9.3 Experimental LAMP 1-h Probability of Precipitation Guidance for the CONUS in Support of the National Weather Service’s National Blend of Models

Wednesday, 15 January 2020: 11:00 AM
252A (Boston Convention and Exhibition Center)
Phillip E. Shafer, NOAA/NWS, Silver Spring, MD; and J. Charba and F. G. Samplatsky

The National Blend of Models (NBM) developed by the National Weather Service (NWS) provides a nationally-consistent and skillful starting point for making National Digital Forecast Database (NDFD) forecasts. Beginning in 2017, the NBM provided hourly guidance for Precipitation Potential Index (PPI) and Quantitative Precipitation Forecast (QPF) guidance over the CONUS through 36 hours by using an ad hoc expert-weighting scheme applied to each NBM grid point. While the hourly PPI and QPF were designed to assist forecasters with the timing of weather events in the Day 1–2 period, these products were uncalibrated and often exhibited biases inherent in the underlying model QPFs used as input. Additionally, sharpness of the NBM output in time and space did not reflect forecast uncertainty. Here we present 1-h Probability of Precipitation (hereafter “PoP01”) that is now serving as calibrated input to the NBM version 3.2 implemented in Fall 2019.

The Localized Aviation MOS Program (LAMP), a critical component of the NBM in the short-range period through 36 hours, implemented an upgrade of the LAMP suite of guidance in Summer 2019 in response to growing NBM requirements. This upgrade included 1) expansion of the Gridded LAMP (GLMP) spatial extent over the CONUS to cover the full NBM domain, 2) expansion of forecast projections out to 38 hours for several elements, and 3) addition of PoP01 guidance over the CONUS. LAMP PoP01 provides gridded probabilities of measurable precipitation over the full NBM CONUS domain for 1-h periods through 38 hours.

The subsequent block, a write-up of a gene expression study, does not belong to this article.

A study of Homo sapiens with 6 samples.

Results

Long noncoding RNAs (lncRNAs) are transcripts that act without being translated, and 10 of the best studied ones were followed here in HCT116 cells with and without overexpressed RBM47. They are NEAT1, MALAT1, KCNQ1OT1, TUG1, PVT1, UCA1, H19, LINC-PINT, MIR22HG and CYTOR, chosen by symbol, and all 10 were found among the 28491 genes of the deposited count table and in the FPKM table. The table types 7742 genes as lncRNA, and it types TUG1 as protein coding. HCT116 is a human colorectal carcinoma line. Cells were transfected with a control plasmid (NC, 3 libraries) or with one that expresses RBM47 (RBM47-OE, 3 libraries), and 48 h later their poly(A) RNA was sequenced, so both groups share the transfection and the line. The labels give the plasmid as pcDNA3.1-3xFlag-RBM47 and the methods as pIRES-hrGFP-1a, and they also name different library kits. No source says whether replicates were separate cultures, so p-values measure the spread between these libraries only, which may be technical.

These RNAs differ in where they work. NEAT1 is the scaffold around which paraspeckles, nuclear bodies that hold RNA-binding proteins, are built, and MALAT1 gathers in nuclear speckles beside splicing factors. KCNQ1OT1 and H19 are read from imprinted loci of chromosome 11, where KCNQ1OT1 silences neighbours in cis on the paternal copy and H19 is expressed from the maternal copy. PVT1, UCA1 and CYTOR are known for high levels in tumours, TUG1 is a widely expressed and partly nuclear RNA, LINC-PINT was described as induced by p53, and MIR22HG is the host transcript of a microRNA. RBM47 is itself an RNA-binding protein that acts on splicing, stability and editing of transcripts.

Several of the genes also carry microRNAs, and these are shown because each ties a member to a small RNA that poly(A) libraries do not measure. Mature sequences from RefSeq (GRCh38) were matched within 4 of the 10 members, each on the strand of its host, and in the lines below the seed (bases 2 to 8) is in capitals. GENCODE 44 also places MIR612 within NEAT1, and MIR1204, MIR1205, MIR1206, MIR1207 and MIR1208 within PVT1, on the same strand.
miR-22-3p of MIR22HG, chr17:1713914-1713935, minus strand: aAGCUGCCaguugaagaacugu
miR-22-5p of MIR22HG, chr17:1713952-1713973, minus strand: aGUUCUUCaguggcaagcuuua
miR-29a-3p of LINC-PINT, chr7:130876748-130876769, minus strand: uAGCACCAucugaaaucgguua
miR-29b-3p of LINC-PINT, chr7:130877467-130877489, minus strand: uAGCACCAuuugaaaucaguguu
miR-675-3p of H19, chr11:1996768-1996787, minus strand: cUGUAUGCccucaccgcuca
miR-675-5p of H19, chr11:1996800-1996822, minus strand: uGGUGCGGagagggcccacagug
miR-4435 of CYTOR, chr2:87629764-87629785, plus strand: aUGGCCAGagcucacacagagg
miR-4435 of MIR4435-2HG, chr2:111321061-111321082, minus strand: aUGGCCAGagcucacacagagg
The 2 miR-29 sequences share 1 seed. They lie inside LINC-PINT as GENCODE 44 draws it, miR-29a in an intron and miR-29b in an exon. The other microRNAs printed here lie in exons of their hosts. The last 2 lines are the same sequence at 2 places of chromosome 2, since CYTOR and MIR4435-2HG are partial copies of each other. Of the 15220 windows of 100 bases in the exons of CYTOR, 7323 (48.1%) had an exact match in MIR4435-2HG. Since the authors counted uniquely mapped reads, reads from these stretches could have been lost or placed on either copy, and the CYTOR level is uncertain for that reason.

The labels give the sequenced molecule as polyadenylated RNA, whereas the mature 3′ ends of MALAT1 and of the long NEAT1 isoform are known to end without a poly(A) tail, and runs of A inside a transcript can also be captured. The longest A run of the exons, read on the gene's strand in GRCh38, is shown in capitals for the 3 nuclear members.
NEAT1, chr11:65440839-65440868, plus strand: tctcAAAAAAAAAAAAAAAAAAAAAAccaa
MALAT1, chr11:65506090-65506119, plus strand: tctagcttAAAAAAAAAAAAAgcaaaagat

The LAMP PoP01 predictand is derived from Multi-Radar Multi-Sensor (MRMS) 1-h gauge-corrected Quantitative Precipitation Estimates (QPE). Candidate predictors for “Base LAMP” PoP01 include North American Mesoscale (NAM)-based MOS, European Centre (ECMWF)-based MOS, and initial and advected observations of MRMS 1-h QPE and MRMS 1-h maximum composite reflectivity. We used the GLMP “Meld” approach for the development of PoP01 regression equations by statistically combining Base LAMP PoP01 with High Resolution Rapid Refresh (HRRR)-based MOS to yield calibrated and skillful forecasts. Further details on the development procedure, verification results, application to case studies, and plans for future enhancements of the product will be presented.